Some Debit Cards Will Soon Carry Fees

How to avoid paying extra as banks change their policies.



In theory, retailers were expected to pass these savings on to their customers. But as just about everybody under the sun warned when Dodd-Frank was passed, the results are quite different. Instead of helping consumers, most expect banks to eliminate rewards and add fees to make up for the lost revenue. And that’s just what is happening. Chase is already testing a $3 fee on its debit cards and considering limiting purchases to $50. And we can now add Wells Fargo to the list of banks that have added fees to their debit cards.

There are several alternatives to debit cards. These alternatives not only can save consumers from unnecessary fees, but in some cases also offer rewards that debit cards simply cannot match. For example, Dodd-Frank did not limit the fees banks can charge for credit card transactions. As a result, many of today’s best rewards credit cards still come with no annual or monthly fees and pay substantial rewards in the form of points, miles or cash.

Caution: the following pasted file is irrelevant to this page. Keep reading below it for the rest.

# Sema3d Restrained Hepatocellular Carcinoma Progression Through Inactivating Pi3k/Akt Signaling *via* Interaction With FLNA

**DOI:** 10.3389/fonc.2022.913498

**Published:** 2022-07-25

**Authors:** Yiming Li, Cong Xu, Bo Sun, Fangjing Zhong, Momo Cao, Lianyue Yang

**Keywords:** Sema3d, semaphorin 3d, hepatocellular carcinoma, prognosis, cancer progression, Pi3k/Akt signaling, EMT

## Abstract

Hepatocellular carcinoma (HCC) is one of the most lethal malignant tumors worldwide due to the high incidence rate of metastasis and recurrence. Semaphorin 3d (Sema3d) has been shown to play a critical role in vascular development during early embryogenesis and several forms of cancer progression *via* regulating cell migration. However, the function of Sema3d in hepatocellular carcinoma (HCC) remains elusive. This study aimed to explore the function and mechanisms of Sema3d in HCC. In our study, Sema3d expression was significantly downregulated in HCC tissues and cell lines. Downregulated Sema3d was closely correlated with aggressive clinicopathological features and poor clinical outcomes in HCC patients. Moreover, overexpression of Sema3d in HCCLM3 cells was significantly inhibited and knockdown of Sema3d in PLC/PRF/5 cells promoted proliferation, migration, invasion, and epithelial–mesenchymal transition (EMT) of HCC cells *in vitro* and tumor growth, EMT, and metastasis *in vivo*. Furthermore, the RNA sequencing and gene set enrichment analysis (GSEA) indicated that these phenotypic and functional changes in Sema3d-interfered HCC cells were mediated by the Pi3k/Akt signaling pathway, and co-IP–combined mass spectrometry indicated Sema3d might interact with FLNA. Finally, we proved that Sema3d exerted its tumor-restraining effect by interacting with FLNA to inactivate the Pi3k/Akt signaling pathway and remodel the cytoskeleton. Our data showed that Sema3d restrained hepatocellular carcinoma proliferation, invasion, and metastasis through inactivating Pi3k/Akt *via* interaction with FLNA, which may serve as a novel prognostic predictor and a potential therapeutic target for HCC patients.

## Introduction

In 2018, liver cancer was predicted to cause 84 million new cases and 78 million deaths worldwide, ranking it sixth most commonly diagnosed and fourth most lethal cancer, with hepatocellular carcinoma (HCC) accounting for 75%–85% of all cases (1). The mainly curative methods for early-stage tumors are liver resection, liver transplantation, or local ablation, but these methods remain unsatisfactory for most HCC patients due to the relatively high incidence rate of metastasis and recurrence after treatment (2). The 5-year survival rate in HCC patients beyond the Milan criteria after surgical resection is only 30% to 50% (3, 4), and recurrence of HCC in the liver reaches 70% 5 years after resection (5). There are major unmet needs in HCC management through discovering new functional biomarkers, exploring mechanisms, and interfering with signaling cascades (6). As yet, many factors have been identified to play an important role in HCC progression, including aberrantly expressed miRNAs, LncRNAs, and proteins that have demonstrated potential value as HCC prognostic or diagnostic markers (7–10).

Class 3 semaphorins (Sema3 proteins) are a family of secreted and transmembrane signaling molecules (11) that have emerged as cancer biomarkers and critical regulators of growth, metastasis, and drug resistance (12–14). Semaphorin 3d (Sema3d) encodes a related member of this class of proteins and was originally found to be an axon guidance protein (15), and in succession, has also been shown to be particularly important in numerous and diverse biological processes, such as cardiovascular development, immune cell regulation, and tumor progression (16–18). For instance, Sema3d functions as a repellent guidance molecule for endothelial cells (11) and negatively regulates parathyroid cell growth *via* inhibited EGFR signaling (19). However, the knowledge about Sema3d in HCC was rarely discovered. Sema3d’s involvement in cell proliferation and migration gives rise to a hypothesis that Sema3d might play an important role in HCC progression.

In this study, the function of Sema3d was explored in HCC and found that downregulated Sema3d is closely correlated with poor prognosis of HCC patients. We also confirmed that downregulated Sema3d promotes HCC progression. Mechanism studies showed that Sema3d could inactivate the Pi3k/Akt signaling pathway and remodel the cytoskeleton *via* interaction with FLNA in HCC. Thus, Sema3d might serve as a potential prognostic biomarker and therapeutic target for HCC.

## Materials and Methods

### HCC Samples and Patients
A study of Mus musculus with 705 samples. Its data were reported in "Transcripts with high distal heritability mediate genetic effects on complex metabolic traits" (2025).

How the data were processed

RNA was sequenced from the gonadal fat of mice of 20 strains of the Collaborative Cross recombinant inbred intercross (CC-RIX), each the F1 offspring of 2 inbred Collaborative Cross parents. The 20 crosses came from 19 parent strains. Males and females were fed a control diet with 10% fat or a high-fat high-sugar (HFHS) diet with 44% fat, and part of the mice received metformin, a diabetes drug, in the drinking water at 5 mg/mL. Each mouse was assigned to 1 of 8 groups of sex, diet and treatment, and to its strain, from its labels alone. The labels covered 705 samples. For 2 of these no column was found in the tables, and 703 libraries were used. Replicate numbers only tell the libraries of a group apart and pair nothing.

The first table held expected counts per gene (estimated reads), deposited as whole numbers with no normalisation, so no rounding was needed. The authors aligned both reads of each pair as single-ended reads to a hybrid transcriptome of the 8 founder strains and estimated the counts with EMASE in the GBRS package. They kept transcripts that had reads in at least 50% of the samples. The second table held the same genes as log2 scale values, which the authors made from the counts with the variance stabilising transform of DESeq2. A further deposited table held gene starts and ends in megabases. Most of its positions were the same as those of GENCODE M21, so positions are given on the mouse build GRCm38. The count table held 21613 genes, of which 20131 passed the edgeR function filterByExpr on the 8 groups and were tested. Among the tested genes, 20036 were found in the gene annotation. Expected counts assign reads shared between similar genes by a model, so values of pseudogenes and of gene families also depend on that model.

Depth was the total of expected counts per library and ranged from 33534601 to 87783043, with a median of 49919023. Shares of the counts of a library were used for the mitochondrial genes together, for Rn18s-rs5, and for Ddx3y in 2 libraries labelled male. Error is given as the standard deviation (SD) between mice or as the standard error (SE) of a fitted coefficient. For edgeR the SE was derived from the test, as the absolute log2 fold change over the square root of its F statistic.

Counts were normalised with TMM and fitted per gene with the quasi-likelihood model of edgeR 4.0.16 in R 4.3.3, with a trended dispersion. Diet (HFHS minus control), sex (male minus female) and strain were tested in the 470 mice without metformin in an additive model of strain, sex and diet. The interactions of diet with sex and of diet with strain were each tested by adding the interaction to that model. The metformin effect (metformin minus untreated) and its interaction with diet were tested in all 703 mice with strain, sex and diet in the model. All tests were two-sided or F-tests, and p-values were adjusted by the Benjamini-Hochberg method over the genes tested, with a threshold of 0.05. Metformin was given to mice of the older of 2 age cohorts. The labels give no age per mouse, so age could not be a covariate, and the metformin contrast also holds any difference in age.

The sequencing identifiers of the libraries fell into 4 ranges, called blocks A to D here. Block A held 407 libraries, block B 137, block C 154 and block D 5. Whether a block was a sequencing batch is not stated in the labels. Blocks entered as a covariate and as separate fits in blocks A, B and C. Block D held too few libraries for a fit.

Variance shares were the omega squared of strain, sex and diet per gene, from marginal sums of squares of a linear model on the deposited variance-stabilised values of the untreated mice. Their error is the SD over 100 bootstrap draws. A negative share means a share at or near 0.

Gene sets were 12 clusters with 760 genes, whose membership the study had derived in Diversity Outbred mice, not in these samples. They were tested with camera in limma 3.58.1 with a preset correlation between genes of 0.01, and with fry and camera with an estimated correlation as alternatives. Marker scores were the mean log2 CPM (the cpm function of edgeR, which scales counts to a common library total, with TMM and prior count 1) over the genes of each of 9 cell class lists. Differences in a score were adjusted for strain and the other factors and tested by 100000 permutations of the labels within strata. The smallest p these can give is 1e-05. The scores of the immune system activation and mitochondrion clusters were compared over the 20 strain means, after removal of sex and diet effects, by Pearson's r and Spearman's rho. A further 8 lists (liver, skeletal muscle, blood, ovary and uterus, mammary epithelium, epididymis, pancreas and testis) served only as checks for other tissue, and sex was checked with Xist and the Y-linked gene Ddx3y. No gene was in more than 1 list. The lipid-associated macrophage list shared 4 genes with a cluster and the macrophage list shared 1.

As a third alternative, many online banks offer debit cards without fees. ING Direct, for example, offers what it calls an Electric Orange checking account. Not only does the account come with a free MasterCard debit card, but ING also offers a $50 bonus on new accounts. And as another example, online banker PerkStreet Financial offers a free cash back debit card that can earn up to 5 percent cash back. These rewards rival some credit card rewards offers.

We are likely to see more debit cards raising fees and eliminating rewards as the impact of the Fed’s cap on swipe fees works its way through the industry. Fortunately, there are still no fee alternatives available to consumers willing to do a little homework.

DR is the founder of the popular personal finance blog, the Dough Roller, and author of 99 Painless Ways to Save Money.